SATURN 2016 – part 1

This year’s SATURN (Software Engineering Institute (SEI) Architecture Technology User Network Conference) was held in San Diego from May 2-5. Compared to last year, the geographical context was much improved – Southern California felt a lot more relaxed than Baltimore under curfew. The conference organizers had once again prepared an excellent technical program, and as always it was sometimes difficult to choose between tracks – everything was interesting. Fortunately, all presentations were video-recorded, and should appear on the conference website soon.

The fantastic opening keynote was by community guru Grady Booch, who gave us a peek into the future of architecting. He talked about “abstracting the unknown”: architecting the kind of systems that stretch us both technically, socially and ethically. His talk set the stage for a number of central themes that pervaded the program: evolutionary architecture, ethical considerations, and the renewed recognition of the role of modeling (the real world) and intentional design in software engineering. Slides 43-45 in Grady’s presentation give an elegant summary of the modern view of why and how we architect. As for architecting the unknown, it is clear that there is much less opportunity for reuse, and that we need a method that allows our intuition to play a much more prominent role.

architecting the unknown

Grady Booch’s tips when you find yourself having to architect the unknown.

Evolutionary architecture and roadmapping was the topic of talks by Patrick Kua, David Adsit, Alejandro Bianchi, Pierre Pureur (continuous architecture) and myself, and of a keynote by IoT frontrunner Joseph Salvo. The common message here seems to be that the “dot on the horizon”, the architected future state, is becoming less meaningful in a world that changes faster than architectures can be realized. We therefore need architectures and architecting practices that are flexible and resilient enough to maintain their value in a rapidly changing business or technological context. We all reported on our experiences implementing such practices, in my own case introducing an evolution viewpoint to help achieve just enough anticipation in your architecture.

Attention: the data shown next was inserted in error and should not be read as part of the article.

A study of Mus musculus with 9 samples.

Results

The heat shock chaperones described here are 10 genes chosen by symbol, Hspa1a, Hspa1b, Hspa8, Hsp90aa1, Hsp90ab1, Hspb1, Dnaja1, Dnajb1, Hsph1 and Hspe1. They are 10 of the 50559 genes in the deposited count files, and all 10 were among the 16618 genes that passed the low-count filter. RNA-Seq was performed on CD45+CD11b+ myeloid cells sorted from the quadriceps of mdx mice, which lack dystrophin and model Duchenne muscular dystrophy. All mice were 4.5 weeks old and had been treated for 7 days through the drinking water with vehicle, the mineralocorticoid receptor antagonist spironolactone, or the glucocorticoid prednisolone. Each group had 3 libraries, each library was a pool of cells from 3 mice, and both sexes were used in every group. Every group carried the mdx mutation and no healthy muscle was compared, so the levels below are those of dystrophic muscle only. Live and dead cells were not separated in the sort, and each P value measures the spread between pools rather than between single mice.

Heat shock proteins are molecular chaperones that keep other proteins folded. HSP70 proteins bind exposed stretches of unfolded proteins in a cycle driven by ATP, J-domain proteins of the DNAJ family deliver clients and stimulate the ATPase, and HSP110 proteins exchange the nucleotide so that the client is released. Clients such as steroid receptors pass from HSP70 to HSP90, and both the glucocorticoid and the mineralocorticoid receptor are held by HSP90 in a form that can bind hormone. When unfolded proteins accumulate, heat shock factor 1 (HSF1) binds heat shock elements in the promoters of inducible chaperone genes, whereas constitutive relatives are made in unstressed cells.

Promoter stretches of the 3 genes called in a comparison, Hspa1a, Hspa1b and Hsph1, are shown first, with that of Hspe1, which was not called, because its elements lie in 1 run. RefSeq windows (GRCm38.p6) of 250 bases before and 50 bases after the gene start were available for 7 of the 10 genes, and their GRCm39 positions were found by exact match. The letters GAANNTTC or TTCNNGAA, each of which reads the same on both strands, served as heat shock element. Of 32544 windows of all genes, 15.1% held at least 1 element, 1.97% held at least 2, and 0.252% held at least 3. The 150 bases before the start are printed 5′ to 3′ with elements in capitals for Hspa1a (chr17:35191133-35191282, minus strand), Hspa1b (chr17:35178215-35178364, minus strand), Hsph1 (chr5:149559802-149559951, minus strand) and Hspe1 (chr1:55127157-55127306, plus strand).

Adding time dimension

Modeling the real world seems to be a prerequisite for an architecture to have that flexibility and resilience. I remember teaching this in Object Oriented Analysis and Design classes in the 90s, but it seems that insight is resurfacing now after having been deprecated by overzealous agilistas for a while. This was the topic of talks by Amber Haley, Arila Barnes and George Fairbanks, and played an important role in Daniel Jackson’s excellent Wednesday morning keynote. George talked about the stigma clinging to modeling in some agile teams, and “modeling with the door shut” to avoid being seen practicing such a shameful activity. It was also funny to see that modern modelers are developing their own, new languages for domain modeling, where we successfully used UML in the past. It seems UML is now so much associated with technical design that people don’t recognize it as a domain modeling language anymore, and feel the need to reinvent the wheel… for similar reasons, much of what we used to call architecture now seems to be relabeled “design thinking”.


There is much more to report on SATURN 2016 – next installment coming up soon!